Mean of the Latent Intercept Growth ... PreviousNext
Mplus Discussion > Categorical Data Modeling >
 Scott Weaver posted on Friday, August 18, 2006 - 8:28 pm
I am exploring a semi-continuous latent growth model across 4 time points for two groups. In the semi-continuous growth model example in the Mplus User's Guide, the latent intercept factor mean for the binary portion is fixed at 0 and thresholds are estimated and equated. Because I want to freely estimate the latent intercept factor mean so that I can test for equality of this mean across groups, I reparameterized the model by fixing all thresholds at 0 and estimating the latent intercept mean. However, I am unsure as how to interpret the mean for the latent intercept factor.
Because the model is centered at the 1st time point, I thought that exp(M)/(1+exp(M) should equal the estimated probability for endorsing the 2nd category at the 1st time point, where M is the latent intercept mean. However, my calculation does not equal the estimated probability provided in the output.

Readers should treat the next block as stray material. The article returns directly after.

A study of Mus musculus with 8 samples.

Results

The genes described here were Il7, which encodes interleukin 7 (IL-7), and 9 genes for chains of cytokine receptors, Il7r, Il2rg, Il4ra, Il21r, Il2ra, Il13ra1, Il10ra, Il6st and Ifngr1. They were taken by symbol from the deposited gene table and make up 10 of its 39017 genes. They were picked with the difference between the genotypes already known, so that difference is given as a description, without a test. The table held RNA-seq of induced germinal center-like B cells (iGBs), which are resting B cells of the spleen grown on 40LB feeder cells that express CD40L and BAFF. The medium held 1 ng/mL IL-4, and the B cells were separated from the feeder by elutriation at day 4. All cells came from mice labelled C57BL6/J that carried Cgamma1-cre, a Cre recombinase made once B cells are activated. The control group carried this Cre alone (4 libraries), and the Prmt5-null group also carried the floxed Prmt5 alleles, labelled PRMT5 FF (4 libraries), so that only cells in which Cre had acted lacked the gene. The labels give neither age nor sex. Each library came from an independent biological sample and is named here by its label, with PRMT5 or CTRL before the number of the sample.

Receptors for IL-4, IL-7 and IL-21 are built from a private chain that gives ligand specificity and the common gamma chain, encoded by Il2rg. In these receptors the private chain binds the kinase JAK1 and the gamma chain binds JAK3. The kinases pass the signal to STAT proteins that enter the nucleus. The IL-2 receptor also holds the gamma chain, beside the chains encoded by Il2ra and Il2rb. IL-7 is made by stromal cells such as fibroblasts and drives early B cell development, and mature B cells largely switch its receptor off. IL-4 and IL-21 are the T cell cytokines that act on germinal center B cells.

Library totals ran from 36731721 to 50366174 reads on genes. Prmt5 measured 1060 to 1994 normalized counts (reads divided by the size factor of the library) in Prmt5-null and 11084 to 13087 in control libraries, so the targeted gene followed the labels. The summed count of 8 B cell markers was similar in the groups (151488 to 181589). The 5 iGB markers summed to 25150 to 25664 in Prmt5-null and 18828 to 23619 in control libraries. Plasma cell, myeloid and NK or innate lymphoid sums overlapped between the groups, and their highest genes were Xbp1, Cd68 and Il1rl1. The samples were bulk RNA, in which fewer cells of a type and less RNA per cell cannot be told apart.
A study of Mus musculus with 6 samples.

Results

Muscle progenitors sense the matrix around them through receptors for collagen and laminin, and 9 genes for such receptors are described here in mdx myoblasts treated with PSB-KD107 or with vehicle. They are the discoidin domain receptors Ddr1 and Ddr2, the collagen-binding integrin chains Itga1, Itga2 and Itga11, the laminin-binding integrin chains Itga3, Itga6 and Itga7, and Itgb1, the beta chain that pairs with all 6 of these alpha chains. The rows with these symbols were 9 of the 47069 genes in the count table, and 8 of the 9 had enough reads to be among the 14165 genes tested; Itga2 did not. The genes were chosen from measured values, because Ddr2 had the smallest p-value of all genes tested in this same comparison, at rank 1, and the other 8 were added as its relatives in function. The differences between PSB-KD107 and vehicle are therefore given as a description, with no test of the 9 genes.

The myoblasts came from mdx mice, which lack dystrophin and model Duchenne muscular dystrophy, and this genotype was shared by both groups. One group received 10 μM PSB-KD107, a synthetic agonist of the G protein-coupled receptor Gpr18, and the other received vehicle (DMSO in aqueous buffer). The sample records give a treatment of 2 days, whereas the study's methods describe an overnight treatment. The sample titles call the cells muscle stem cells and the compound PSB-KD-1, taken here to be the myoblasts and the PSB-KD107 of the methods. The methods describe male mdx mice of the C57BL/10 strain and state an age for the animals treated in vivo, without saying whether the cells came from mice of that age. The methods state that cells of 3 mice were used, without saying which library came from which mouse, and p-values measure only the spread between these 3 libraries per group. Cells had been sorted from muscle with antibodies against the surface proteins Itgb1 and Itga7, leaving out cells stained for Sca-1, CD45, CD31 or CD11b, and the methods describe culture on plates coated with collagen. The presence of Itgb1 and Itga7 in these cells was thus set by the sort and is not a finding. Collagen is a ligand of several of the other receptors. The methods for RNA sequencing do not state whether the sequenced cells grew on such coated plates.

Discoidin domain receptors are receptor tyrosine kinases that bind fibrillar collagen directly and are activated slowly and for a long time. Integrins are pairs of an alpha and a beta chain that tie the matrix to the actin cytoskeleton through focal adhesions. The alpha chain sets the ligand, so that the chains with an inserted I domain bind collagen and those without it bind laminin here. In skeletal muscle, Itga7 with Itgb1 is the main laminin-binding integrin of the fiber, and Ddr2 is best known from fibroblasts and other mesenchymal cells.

Thank you!
 Bengt O. Muthen posted on Friday, August 18, 2006 - 11:16 pm
In the binary part of the two-part model, random effects influence the outcome probability. The probability that you have computed is conditional on a person being at the mean of the random intercept. That is not the same as the (marginal) probability. To get the marginal probability you have to numerically integrate over the random intercept and that is what Mplus does to get the estimated probability.
 Scott Weaver posted on Friday, August 18, 2006 - 11:48 pm
Thank you for the information!

So does this mean that the interpretation of the random intercept for a growth process with binary indicators is analogous to interpretation of a random intercept for a growth process with continuous indicators? If not, what meaning or interpretation does the random intercept mean with binary indicators have? Or is there no substantively useful meaning or interpretation?
 Bengt O. Muthen posted on Saturday, August 19, 2006 - 12:17 am
I think it has a meaningful substantive interpretation given that it directly influences the probability. It is similar to the interpretation of an intercept for a continuous outcome. The intercept mean isn't the logit that gives the mean probability, but for people at the intercept mean it is the logit behind the probability for those people. This same phenomenon has been written about in the binary growth literature, for instance in the context of population-averaged and subject-specific differences, e.g. in the GEE literature by Zeger and others. See also text books on it, including the standard multilevel books.